What are Ozlandish Writings?

From July 2010 to December 2014 we ran OZLAND PICTURE STORIES as described below. Sadly though the number of writers reduced over the years and we decided to call it a day. We leave these as a record of the good times we had.

Are "You" ready to challenge your writing skills? Then participate in our OZLAND Picture Stories writing series at The Ozland Art Gallery.

Each month a new picture will be picked, from our OZLAND Artist of the Month collection, with different themes. Your goal is to write a 500-1000 word... poem... essay... or story about the picture picked. This is a chance for you to challenge your writing skills each month. Story can be written in ANY genre... sci fi... romance... ghost... fantasy... fiction... non-fiction... biography... mystery... historical... whatever your writing genre... feel free to experiment. Send your writing inworld to Sven Pertelson as a notecard to have it included on the web site. We meet at the The Ozland Art Gallery each Wednesday at Noon and 6pm SLT to read the latest submissions on voice. More Information

Wednesday, June 18, 2014

Rosalie's Adventures in the Clouds - Part 4 - by Sven Pertelson

Somewhere, some when, in a fictional universe far far away Deety Carter and her father, Jacob Burroughs were discussing just what constituted reality as they returned from an afternoon walk on the planet of Tellus Tertius. They were nearing the last bend in the road before they would enter the multicoloured confection of a building that they had been invited to call home by its owner Lazarus Long and his extended family.

“I think my dear Deety that we must accept as proven the hypothesis, that my darling wife came up with. that universes which we access in our continua craft by rotation about the axis of one of the six dimensions are in reality places which we formerly considered to be fictional.” Jacob paused to see if Deety was nodding or shaking her head. “If that is so, then to inhabitants of some of those universes we were, until we encountered them, also fictional.”

Deety mused on this for a few moments before replying, “I must agree. However I do have some reservations. The principle one being where are all the authors? We have only met one so far and he might be a special case. That dear don, Lewis Carroll, was so entwined in his own stories that he seemed to inhabit his own fictional world. That may have been in addition to his own 'real' world I suppose. I propose that we should visit him again to check out just how much of his universe is 'real' and how much fictional. It may be that the fictional part does not extend beyond the range of his senses.” Jacob nodded his agreement and suggested,”We should make sure we do not induce too great a time paradox by arriving say an hour after we departed. He should still be on the riverbank or reasonably close by. I don't think landing a shiny flying machine in the quadrangle of an Oxford college in the 1850s would be a good move.”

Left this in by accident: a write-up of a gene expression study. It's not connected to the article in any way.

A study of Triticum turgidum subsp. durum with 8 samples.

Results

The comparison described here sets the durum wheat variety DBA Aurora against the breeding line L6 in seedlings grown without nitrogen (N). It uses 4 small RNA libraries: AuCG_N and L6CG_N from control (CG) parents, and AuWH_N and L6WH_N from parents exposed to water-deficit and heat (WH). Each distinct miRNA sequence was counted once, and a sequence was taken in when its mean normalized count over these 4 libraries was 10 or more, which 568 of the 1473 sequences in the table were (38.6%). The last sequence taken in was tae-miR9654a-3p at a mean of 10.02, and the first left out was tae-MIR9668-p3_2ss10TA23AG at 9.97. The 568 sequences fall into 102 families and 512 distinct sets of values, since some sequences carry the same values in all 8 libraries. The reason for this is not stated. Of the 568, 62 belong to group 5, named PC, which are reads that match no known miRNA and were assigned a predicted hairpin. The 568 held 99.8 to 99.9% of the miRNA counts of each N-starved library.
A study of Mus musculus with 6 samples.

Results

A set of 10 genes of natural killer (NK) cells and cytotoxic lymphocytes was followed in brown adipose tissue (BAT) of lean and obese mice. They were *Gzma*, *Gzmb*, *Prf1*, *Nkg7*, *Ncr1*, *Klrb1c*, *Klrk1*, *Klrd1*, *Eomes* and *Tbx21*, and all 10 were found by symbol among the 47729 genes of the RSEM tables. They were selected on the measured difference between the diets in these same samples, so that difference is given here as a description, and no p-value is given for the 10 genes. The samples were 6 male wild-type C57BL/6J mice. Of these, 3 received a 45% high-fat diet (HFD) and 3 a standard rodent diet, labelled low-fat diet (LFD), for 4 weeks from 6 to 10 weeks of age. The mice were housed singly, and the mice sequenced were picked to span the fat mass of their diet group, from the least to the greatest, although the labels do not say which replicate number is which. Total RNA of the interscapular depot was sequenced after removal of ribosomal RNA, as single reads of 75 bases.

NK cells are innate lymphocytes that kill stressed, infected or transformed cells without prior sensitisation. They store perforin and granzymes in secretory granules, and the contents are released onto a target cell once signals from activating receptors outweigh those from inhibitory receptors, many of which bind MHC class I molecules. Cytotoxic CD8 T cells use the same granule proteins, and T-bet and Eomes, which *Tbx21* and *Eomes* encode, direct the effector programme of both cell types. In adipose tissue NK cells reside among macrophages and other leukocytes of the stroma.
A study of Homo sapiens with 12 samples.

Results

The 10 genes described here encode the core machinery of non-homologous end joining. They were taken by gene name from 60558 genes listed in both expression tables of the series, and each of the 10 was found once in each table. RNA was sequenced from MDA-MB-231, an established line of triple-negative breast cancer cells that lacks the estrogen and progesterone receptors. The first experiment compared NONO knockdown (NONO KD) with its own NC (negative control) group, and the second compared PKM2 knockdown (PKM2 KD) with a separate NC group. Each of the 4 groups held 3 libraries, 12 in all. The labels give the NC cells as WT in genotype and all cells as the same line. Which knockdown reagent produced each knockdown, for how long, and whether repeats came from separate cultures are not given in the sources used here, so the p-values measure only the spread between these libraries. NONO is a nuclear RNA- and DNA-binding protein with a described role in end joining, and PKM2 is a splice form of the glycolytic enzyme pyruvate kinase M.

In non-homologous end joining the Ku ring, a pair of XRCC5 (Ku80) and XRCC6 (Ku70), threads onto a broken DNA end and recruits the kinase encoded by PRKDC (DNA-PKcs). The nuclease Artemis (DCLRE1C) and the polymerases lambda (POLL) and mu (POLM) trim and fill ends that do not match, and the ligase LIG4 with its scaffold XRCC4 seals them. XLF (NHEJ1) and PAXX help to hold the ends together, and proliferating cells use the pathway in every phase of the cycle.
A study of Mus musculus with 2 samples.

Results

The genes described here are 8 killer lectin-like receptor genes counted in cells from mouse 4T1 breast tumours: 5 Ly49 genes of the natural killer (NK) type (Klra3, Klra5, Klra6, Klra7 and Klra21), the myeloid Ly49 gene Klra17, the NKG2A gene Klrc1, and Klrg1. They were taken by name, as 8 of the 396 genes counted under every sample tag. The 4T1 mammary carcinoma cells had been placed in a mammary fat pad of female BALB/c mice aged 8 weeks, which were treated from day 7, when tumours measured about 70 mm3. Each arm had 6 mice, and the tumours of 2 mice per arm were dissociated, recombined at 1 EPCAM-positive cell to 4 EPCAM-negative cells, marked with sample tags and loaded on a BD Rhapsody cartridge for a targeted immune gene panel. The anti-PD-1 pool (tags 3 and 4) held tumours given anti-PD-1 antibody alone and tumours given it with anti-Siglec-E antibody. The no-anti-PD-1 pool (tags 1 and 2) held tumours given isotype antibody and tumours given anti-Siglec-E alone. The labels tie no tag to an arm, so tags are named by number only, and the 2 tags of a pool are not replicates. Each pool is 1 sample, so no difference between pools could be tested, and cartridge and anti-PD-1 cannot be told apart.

Next morning, suitably attired for a summer afternoon by a Victorian riverbank, the Carter/Burroughs family strapped themselves into the continua craft 'Gay Deceiver'. They waved to the two red headed twin girls who had agreed to babysit their offspring during this trip. Zeb was at the controls with Deety as co-pilot while Jacob and Hilda were in the rear seats as Science Officer and Skipper respectively. Zeb called out, “Report readiness for space!” and as soon as he had confirmation from all the passengers spoke to the flying car's computer, “Gay Deceiver! Program retrieve Wonderland. Execute!”. A sultry voice from the dashboard complained, “You forgot the magic word again you big lunk, but as it's you. Off we go!”.

In the blink of an eye they settled down in the same depression in the grass that they had left, to an observer from 1856, only an hour previously. Although to the travellers over a year had passed and many adventures and new experiences had befallen them. Zeb somewhat chagrined attempted to pacify his vehicle by saying “Nice job Gay, Thank You! Now, pretty please, open the doors and let us out and then go to sleep until one of us calls you by your full name.” The doors of the craft slowly opened and the travellers climbed out to be greeted by Charles Dodgson (later to be known as Lewis Carroll) and a young lady who somehow looked familiar.

The normally quiet don called out excitedly, “Welcome back my friends. I am so glad you got my message Doctor Deety, just let me rip up this page of my notebook so I don't send it to you.” Deety looked at him with a puzzled expression and asked, What message would that have been Charles? None of us has had a message from you.” Charles replied as he finished reducing a page of his note book to shreds, “This note, which I would have sent if you had not arrived and which now has served its purpose as you must have read it already in the future. Or perhaps not. Oh dear! Have a made a faux pas? Will you now vanish to prevent a paradox? Please stay, this young lady needs your help.”

The academic beckoned the young lady forward. “I understand that Miss Rosalie here already knows of you and your most curious vehicle by reputation although she has never met you. She tells me she read of you in a book in her future, or is that my future and her past? She also tells me that you, Deety, know of her great-great grandmother from reading another book that I have not yet written”. At this point Deety realised why the youngster looked so familiar, she was a grown up version of photographs she had seen of Alice Lidell to whom the Alice in Wonderland book had been dedicated. But just what was a descendent of Alice doing in the same meadow at the same time as Alice? “Curiouser and curiouser.” said Deety.